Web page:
I'm Loving Being Middle Aged


What I can say for certain is that whatever “middle-aged” is, I’m definitely not it yet. Why, just look at my Adidas Gazelles! Look at my not-grey hair! Look how much I’m liking (as they say) the Lana Del Rey album! I’m still young, I tell you. Young! Young young young young young!

That said, I’ve a suspicion I’m not the only middle-aged man who suffers delusions in this direction. In the old days, maturity was something young men aspired to acquire as quickly as possible. (Think of how prematurely old and fogeyish teenagers strove to look in Oxford and Cambridge group portraits – or even school photographs – taken in the Twenties and Thirties). Today, it’s a curse to be warded off indefinitely with yoga classes, skin-care regimes, even Botox or surgery. Plus jeans, of course. And T-shirts. And the new Lana Del Rey album: did I mention how much we’re all liking that?

Perhaps, though, we’re wasting our energies in trying to stave off the inevitable. At least, if we’re to believe the rather pleasing thesis advanced in a new book, Middle Age: A Natural History, by Cambridge lecturer David Bainbridge. According to Bainbridge, far from being has-beens on the slow downhill trundle to oblivion, we middle-aged farts in fact represent the human species at the very peak of its powers.

We represent, argues Bainbridge – he’s talking about men here, though much of what he says applies to women too – “the most impressive living things yet produced by natural selection”. No, better than that, we are “an elite caste of ‘super-providers’”; we’re “the main route by which culture is transferred”. We also “tend to be better at developing long-term plans, selecting relevant material from a mass of information, planning [our] time and co-ordinating the efforts of others – a constellation of skills that we might call wisdom”.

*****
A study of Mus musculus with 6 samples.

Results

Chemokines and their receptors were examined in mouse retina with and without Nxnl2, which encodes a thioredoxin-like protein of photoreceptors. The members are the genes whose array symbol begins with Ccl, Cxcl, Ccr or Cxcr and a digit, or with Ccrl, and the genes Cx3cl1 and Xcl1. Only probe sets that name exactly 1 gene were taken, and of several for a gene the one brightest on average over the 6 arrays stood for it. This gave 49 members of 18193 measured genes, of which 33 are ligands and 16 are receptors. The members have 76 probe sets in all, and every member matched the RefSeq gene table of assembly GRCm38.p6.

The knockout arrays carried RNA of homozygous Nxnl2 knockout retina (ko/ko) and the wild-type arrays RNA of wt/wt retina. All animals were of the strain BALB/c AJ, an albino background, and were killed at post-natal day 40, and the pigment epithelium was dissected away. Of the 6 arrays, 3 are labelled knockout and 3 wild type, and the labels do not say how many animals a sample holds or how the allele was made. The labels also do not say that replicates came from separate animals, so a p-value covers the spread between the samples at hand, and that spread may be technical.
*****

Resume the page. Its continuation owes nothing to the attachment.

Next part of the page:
Bainbridge himself is 42, so perhaps he would say this. But he does have lots of evidence to support it: the fact that though our eyesight may decline markedly with middle age, our cognitive faculties don’t; the fact that, as a species, we’re unusually slow to acquire the full panoply of survival skills (meaning that the middle-aged play a vital role as the repository and transmitter of knowledge); the fact that – in common with killer whales, oddly enough – we follow the unusual practice of “self-sterilising” by sticking with our post-menopausal female partners, rather than continuing to try to mate with all and sundry (so much for the mid-life crisis, which Bainbridge claims is a myth).

And now I think about it – drawing, of course, on that vast repository of knowledge I have acquired in my nearly five decades of existence – I realise that Bainbridge is dead right. Sure, there are things I regret about my middle-aged status – nose hair would be one; ear hair would be another; the wiry tendrils extending from my Denis Healey eyebrows would be a third. But for all its drawbacks (did I mention the fact that all pretty girls under 35 – all ugly girls too, for that matter – look straight through you, as if you’re completely invisible?), mid middle-age does strike me as a pretty superior place to be.